King James VI of Scotland, I of England (1566-1625), is a prominent figure in the history of Great Britain, and the Scottish king’s ascension to the English throne plays a key role in Mistaken Premise.
King James was the only child of Mary, Queen of Scots, with her second husband, Henry Stuart, Lord Darnley, a powerful Scottish nobleman. Removed from the care of his mother as an infant, James came of age against the backdrop of infighting and powerplays in the Scottish court. The staunchly Protestant faction led by John Knox and many of the Scottish earls forced the Catholic Mary, Queen of Scots, to abdicate to her but 13-month-old son, then into exile less than a year later.
The young King James, the sixth of that name in Scotland, was a good scholar. After a series of four regents, he nominally took control of the government at age twelve, but soon found himself a pawn amongst competing earls and factions. One faction went so far as to kidnap the 16-year-old James, hoping to restore the Catholic Mary to the Scottish throne. King James escaped the Protestant faction controlling him but a year later, establishing his independent kingship at the tender age of 17.
Realising he was next in line for the English throne, he cultivated a relationship with his first cousin, twice removed Queen Elizabeth I, only mildly protesting the 1587 execution of the mother he had not seen since infancy. He married Anne of Denmark at the age of twenty-three, inspiring sighs amongst romantics as he travelled to Denmark to retrieve his bride after a series of setbacks delayed their nuptials.
King James proved adept at balancing the factions in Scotland, enjoying a successful rule there, even after he departed for London after Elizabeth I’s death in 1603, dreaming of uniting Scotland and England and styling himself as the King of Great Britain as a result.
Unfortunately, our dear King Jimmy never saw his dream come to fruition.
King James VI/I is frequently dismissed only as a precursor to the English Civil Wars during the reigns of his son and grandson, Kings Charles I & II. As I began my research for Mistaken Premise, I knew very little of King James – besides his contribution to the King James Bible, still lauded as one of the greatest contributions to both literature and the standardisation of the English language. But I came out of it with a sympathetic view of this very human king.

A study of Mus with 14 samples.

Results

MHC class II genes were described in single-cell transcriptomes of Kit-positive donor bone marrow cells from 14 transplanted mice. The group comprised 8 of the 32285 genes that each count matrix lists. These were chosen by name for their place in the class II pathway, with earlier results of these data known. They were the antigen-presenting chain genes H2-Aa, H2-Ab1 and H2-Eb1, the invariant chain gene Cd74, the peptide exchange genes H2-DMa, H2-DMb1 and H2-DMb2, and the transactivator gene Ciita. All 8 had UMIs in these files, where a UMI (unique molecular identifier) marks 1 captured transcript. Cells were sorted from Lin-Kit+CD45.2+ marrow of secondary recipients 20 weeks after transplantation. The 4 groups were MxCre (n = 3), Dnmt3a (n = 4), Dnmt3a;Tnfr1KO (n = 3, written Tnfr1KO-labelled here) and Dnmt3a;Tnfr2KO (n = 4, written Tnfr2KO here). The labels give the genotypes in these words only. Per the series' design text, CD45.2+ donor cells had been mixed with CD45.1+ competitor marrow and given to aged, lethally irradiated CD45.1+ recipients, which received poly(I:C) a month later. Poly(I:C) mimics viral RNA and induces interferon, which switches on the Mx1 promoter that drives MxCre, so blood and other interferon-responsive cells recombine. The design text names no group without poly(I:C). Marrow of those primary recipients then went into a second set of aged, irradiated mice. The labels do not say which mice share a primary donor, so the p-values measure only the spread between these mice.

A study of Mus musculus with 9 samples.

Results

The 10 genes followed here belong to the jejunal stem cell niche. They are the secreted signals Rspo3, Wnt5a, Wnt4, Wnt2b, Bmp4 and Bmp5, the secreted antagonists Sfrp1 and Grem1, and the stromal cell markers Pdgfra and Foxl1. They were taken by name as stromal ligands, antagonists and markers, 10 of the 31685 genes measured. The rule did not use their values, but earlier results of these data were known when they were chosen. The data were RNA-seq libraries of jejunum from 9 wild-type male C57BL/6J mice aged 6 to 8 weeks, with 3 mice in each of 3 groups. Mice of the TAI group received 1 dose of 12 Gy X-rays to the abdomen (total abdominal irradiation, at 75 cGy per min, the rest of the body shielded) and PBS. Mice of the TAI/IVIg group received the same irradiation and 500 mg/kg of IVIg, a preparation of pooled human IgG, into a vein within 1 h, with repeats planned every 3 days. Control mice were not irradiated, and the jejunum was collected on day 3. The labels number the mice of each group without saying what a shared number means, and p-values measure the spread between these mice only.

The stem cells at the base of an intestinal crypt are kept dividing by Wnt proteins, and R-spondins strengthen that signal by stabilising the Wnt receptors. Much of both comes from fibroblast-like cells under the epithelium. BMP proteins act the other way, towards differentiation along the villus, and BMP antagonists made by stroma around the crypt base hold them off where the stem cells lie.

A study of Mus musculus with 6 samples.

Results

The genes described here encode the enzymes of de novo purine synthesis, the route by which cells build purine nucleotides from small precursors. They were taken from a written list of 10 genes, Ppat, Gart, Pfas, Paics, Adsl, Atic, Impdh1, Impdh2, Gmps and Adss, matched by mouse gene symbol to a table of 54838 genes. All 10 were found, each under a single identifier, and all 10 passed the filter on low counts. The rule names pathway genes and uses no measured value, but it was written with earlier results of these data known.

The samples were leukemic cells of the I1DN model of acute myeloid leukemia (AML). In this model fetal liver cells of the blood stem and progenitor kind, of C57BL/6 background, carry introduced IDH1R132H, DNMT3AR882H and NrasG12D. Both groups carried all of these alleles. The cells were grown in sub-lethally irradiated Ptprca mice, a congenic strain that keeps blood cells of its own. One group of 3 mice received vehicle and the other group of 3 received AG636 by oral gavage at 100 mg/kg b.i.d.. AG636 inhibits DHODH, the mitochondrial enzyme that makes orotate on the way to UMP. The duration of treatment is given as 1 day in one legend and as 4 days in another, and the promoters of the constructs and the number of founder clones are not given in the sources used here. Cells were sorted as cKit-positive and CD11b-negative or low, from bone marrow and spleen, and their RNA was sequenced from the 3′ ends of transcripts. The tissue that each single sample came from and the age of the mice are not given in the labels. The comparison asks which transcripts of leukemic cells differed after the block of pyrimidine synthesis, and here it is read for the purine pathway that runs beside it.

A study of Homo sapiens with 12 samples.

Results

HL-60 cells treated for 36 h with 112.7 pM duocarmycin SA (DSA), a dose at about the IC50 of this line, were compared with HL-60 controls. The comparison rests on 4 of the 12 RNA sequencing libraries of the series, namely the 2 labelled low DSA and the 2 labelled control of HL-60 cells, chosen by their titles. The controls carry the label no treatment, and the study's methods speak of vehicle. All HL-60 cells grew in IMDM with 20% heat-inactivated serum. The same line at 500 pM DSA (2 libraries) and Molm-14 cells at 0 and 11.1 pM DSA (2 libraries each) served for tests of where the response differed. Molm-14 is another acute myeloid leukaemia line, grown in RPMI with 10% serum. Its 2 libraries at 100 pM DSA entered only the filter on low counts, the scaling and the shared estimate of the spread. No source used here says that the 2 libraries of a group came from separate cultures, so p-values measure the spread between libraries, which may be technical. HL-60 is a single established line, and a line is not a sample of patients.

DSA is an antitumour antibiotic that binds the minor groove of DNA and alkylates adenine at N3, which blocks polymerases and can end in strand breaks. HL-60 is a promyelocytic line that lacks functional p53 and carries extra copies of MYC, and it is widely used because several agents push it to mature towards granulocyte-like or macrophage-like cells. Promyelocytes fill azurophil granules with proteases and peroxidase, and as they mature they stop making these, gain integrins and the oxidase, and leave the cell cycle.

I cannot deny that after the death of Robert Cecil, Earl of Salisbury (whose descendants were the loose inspiration for my Marquess of Hatfield in Mistaken Premise), James proved easily influenced by those who did not hold Great Britain’s best interests to heart. He was ineffective at working with the British Parliament and incontinent in terms of fiscal responsibility.
However, a significant portion of the financial crisis James faced was the debt he had inherited from Queen Elizabeth I’s war with Spain. Elizabeth I was adept at kicking the can, never defining Protestant/Catholic policy nor updating the funding of the government. The latter left England trailing behind continental Europe as it held to the distinctly mediaeval British notion of Crown lands, of which little remained by the turn of the seventeenth century, paying for the king’s households and the government. The modern idea of regular taxes funding the government was foreign and suspicious to Englishmen; only in times of war would Parliament, specifically Commons where financial bills originated, supply money to the Crown.
There was also a substantial cultural divide between the new King James and the English Parliament. In contrast to the absolutism of the Tudor crown, the Scottish Stuarts had led as a chief amongst equals, building relationships with their nobles, debating and hashing out policy through meetings, meaning the Scottish Parliament convened only to rubber-stamp what had already been hashed out over divers dinners and social interactions.
My husband is something of a news junkie and loves the BBC, but he frequently complains over the contentious debates in the UK’s House of Commons. King James VI/I would have shared his lament. The raucous hammering out of ideas on the floor of Commons was alien and unheard of to the Scottish King James, and the English Parliament only viewed this Scottish king and all the Scottish nobles he brought with him – like my fictional duchy of Soloway in Mistaken Premise – with distrust. That his first Parliament made mincemeat over his dream of the unification of Scotland and England did not foster trust in the new king.
Having learned the evils of the Scottish factionalism in his youth, James adeptly removed England from the costly continental wars, balanced Protestant and Catholic foreign interests (though domestically, he favoured the former, but never alienated the latter), and encouraged literature, the arts, and education throughout Great Britain during his reign.
In all, I found I rather liked King Jimmy, even as I lamented his human failings which prevented him from reaching the potential I saw in him. For more information on King James, or English/Scottish history, I highly recommend the the History of England podcast, by David Crowther, the History of Scotland member’s feed podcasts, also by David Crowther, and the Early Stuart England podcast, by Greg Koabel.